Midwifery from the Tudors to the 21st Century
History, Politics and Safe Practice in England
This book recounts the journey of English midwives over six centuries and their battle for survival as a discrete profession, caring safely for childbearing women.
With a particular focus on sixteenth and twentieth century midwifery practice, it includes new research which provides evidence of the identity, social status, lives, families and practice of contemporary midwives, and argues that the excellent care given by ecclesiastically licensed midwives in Tudor England was not bettered until the twentieth century. Relying on a wide variety of archived and personally collected material, this history illuminates the lives, words, professional experiences and outcomes of midwives. It explores the place of women in society, the development of midwifery education and regulation, the seventeenth century arrival of the accoucheurs and the continuing drive by obstetricians to medicalise birth.
A fascinating and compelling read, it highlights the politics and challenges that have shaped midwifery practice today and encourages readers to be confident in midwifery-led care and giving women choices in childbirth. It is an important read for all those interested in childbirth.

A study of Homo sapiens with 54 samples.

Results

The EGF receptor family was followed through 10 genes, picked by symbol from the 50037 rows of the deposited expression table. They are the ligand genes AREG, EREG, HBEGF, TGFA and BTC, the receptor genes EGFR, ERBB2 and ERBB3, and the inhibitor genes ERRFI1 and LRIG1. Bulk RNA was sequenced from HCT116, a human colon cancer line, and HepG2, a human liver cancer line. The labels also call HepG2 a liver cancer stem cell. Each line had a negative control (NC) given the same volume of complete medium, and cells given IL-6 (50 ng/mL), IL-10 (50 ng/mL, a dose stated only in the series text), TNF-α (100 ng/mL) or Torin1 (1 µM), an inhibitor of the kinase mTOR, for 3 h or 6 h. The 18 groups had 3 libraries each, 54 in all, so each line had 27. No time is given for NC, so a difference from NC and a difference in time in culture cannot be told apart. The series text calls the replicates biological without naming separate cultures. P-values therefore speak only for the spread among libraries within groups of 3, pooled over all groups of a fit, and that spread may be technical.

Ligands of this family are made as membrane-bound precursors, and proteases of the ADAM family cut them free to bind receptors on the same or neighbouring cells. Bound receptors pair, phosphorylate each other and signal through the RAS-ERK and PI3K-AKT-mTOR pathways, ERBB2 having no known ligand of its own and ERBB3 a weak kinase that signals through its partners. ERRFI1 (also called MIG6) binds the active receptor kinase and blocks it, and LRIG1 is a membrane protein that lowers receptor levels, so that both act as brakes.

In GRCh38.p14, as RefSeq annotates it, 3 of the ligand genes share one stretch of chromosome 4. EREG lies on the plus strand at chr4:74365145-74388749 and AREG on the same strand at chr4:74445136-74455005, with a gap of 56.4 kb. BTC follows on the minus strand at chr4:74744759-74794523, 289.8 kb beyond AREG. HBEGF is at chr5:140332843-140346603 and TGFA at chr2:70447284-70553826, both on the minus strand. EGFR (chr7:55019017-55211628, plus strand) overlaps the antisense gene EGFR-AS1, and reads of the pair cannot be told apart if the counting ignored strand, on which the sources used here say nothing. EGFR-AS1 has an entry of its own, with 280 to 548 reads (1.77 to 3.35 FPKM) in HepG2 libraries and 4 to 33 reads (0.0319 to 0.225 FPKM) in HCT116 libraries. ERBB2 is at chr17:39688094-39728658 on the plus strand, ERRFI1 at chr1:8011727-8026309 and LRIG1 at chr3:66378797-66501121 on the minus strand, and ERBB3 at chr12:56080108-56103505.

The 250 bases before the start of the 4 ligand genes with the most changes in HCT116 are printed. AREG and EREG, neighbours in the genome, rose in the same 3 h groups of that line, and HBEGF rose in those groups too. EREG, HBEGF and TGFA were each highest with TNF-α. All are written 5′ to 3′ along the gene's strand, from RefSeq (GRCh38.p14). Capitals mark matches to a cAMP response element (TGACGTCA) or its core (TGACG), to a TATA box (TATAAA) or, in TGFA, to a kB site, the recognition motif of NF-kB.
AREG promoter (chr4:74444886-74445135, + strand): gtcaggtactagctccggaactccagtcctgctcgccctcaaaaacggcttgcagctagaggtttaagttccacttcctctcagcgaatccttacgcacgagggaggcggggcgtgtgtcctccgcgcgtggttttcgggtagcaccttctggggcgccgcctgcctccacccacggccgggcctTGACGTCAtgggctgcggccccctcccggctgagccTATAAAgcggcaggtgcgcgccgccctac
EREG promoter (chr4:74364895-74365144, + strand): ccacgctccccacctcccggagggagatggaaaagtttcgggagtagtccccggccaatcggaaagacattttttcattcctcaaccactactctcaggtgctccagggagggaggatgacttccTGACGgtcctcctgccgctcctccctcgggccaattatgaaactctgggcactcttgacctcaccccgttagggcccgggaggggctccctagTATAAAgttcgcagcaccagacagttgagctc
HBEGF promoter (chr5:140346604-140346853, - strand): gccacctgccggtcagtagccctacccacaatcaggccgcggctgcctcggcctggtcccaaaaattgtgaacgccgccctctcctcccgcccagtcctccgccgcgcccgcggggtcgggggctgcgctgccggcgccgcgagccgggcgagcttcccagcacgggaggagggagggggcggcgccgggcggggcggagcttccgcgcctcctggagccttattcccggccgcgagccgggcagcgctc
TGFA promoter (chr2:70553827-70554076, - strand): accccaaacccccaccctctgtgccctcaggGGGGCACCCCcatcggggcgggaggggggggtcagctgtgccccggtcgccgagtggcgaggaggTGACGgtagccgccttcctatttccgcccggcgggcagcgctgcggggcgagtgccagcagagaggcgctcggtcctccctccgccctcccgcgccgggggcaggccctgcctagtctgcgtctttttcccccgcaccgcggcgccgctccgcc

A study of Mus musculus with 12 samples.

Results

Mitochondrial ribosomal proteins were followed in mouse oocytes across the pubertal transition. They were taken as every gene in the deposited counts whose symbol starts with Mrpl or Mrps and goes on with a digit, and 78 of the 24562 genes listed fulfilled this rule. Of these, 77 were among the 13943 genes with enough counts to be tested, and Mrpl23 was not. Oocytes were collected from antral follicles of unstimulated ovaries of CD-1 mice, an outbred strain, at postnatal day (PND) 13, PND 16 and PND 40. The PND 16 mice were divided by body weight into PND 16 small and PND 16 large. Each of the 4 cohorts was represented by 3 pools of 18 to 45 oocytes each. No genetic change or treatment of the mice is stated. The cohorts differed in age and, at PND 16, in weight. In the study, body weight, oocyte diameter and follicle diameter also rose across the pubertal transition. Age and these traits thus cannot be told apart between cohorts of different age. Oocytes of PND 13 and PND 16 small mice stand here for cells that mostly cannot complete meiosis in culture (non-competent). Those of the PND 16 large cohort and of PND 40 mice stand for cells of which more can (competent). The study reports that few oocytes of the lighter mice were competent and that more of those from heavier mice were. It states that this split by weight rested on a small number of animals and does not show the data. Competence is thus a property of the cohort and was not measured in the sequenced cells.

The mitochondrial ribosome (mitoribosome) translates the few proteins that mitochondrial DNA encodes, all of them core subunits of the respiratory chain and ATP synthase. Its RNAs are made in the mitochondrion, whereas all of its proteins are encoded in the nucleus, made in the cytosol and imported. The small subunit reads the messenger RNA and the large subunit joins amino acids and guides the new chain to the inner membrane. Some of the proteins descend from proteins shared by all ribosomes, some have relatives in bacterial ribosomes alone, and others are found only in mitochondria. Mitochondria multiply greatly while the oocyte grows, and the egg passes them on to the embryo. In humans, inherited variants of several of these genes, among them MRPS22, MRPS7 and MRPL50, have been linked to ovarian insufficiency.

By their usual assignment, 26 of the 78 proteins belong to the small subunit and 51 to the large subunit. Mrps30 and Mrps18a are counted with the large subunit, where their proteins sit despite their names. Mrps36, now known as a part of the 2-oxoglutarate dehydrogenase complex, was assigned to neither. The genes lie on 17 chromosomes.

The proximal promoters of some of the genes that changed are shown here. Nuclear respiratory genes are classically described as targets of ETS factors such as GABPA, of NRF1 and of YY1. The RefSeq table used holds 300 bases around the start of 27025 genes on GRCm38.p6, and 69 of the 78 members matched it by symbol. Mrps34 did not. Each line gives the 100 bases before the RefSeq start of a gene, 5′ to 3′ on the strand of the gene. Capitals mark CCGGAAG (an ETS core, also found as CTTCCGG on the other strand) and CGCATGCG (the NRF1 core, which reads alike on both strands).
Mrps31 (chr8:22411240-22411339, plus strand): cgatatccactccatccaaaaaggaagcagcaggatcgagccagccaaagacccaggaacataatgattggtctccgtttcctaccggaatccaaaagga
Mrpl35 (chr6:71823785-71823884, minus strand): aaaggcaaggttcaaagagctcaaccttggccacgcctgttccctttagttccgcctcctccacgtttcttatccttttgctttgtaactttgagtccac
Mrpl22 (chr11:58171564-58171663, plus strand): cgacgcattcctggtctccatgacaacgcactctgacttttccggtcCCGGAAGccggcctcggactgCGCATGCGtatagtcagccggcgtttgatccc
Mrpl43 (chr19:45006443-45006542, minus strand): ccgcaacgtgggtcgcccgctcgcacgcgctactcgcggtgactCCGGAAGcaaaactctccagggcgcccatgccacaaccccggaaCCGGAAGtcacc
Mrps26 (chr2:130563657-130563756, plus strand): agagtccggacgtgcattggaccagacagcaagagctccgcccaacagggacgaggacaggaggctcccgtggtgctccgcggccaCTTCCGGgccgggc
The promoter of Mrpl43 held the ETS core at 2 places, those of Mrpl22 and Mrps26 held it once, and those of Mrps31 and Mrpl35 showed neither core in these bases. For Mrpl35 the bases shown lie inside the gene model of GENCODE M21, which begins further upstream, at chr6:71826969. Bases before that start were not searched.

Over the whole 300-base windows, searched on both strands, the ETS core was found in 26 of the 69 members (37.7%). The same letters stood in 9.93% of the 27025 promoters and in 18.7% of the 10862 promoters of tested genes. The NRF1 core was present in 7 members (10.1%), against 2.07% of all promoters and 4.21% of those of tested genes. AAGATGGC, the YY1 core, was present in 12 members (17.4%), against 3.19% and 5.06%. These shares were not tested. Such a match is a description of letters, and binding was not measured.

Table of Contents
Acknowledgements, List of Figures, List of Tables, Foreword, Preface, Glossary of Terms, Definitions and Conventions, Introduction, 1.Late Medieval and Tudor Midwives 2.Tudor Midwives Their Lives and Practice 3.Midwives and Maternal Death in Tudor England 4.Midwives and Infant Death in Tudor England 5.Challenge and Change to Midwifery Practice 6.Midwives, Accoucheurs and the Bills of Mortality 7.Midwives, Institutions and Civil Registration 8.Certified and State Certified English Midwives 9.Early Years Following The 1902 Midwives Act 10.English Midwives In Peace and War 1936-1946 11.National Health Service and the Domiciliary Midwife 12.District Midwives and General Practitioners 13.Centralisation and Medicalisation of Midwifery Care 14.Hospitalisation of Birth, 1973-1989 15.Statutory Control, Higher Education and Better Birth? Conclusion: English Midwives 15th - 21st Century. Appendices: Transcript of Midwife Margaret Burwood’s Will, Early Parish Registers Read for this Book, Early Midwives licensed and unlicensed, Index
Julia Allison is Honorary Professor at the University of Nottingham, UK. She is currently Vice President of the Royal College of Midwives, and is a former General Secretary.